This is a follow up question from my Continuous Delivery talk at Codemotion. Please check the original post for the slides.
For an introduction to Feature Toggles check Martin Fowler's bliki. There are some comments about testing there.
Let’s say we have 2 features, A and B, that have been in development for a while. When they’re ready to be shipped the Product Owner will decide how to release them: only one of them, both at the same time, A/B test a feature for a partition of users, etc.
From the developer perspective, we'll use Toggle Flags to enable/disable this features. It’s the developer responsibility to make sure the application can run in all the combinations of Flags:
- A and B deactivated
- A and B activated
- Only A activated
- Only B activated
In total, we'd have 4 different scenarios:
As usual, in order to ensure everything is ok and there are no regressions the developer should create acceptance tests for all the scenarios.
The problem starts when the number of flags grow. The number of different scenarios is given by the formula 2 to the power of #flags:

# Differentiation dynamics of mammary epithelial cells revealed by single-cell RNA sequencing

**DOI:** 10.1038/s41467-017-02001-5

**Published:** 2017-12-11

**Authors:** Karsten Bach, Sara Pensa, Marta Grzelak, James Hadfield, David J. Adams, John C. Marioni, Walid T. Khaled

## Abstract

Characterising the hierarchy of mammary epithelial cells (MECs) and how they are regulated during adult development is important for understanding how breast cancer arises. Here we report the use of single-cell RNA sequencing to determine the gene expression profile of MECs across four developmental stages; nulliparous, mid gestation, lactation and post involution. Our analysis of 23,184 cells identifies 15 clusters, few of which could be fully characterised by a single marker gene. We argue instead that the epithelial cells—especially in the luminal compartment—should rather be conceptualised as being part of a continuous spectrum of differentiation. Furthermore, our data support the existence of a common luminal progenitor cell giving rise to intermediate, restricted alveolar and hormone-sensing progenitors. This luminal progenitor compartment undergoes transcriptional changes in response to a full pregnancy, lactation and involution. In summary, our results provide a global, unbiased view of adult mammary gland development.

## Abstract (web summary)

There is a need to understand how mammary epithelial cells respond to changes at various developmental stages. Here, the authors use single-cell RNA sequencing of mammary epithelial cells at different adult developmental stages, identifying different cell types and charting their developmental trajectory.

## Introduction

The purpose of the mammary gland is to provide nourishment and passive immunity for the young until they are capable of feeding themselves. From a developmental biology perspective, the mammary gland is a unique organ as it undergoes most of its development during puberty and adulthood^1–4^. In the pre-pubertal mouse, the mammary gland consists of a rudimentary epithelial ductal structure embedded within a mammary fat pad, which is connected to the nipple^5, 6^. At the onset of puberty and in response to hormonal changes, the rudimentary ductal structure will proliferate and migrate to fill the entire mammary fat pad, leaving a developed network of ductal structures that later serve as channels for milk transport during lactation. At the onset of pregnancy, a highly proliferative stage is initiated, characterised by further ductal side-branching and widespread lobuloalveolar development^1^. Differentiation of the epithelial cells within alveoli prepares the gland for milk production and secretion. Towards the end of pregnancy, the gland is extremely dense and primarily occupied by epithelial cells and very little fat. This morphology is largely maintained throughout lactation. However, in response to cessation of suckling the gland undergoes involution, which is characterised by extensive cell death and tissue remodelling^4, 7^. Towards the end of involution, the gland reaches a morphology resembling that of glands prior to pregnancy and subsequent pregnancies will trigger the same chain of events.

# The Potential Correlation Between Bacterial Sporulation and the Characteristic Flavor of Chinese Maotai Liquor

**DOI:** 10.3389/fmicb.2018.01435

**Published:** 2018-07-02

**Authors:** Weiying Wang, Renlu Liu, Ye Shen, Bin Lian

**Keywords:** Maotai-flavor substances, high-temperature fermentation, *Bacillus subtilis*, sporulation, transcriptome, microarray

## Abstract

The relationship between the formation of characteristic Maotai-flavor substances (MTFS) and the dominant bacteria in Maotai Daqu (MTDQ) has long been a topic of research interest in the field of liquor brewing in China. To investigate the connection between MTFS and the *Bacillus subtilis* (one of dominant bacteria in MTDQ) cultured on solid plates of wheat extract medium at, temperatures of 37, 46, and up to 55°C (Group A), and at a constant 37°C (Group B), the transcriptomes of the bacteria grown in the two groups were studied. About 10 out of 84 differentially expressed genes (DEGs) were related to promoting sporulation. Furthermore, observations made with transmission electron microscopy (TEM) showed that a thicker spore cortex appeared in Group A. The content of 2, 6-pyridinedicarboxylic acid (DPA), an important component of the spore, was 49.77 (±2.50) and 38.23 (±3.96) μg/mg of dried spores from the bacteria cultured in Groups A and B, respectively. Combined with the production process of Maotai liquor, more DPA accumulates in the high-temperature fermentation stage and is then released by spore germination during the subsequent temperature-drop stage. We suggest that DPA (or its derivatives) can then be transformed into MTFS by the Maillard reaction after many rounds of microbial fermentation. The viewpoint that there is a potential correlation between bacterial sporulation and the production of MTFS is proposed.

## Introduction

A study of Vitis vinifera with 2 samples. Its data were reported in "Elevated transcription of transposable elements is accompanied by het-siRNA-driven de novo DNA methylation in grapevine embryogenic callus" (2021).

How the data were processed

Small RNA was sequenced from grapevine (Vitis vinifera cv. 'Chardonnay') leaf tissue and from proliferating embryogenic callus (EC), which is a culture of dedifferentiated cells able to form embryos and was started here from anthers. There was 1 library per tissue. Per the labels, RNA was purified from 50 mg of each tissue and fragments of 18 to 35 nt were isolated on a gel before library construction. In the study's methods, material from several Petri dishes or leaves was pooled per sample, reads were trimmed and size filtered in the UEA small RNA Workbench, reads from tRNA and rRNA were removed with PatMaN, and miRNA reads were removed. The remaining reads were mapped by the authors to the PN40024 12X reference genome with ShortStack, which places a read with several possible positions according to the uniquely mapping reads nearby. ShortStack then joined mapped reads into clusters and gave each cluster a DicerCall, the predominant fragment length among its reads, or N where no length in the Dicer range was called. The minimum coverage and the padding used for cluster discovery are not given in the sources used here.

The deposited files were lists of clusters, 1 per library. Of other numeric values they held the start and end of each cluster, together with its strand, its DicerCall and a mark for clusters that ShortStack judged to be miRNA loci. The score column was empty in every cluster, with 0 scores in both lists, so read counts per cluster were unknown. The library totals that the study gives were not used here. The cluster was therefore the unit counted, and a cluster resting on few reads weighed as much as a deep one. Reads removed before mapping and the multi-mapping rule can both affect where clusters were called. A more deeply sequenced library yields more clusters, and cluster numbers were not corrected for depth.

#scenarios = 2#flags
- 4 scenarios for 2 flags
- 8 scenarios for 3 flags
- 16 scenarios for 4 flags and so on.
Needless to say how complex the situation might become when the number of flags are uncontrolled.
So what can we do? Here are some advices:
Use Toggle Flags wisely
Team should be aware that the use of flags has complexity attached. Use them only when they’re really needed.
There are many bug fixes, small features and improvements that just need to be available as soon as the latest version is deployed. In those cases a Toggle is not needed.
Imagine a News site, containing a feed, headers and content. Each section is expected to have a new feature, these are named A, B and C.
In practice, each of this areas is independent of the others. The fact that the toggle for A is disabled or disabled in the feed is not going to affect the content.
Under this situation, we’d only have 2 scenarios to test:
- all the features enabled.
- all the features disabled.
By breaking down our app into separate, decoupled modules we’ve reduced the amount of tests required from 8 scenarios to only 2.
Consider grouping flags
For example, a WIP flag might be useful to prevent all the work in progress code to be available to the user. Since that code is not finished, and therefore not expected to be put live, they can live together under the same unfinished stuff flag. At Plumbee we rely heavily on this.
There are also features that are tightly related. If that’s the case it’s probably a good idea to use the same flag for both of them and activate/deactivate at the same time.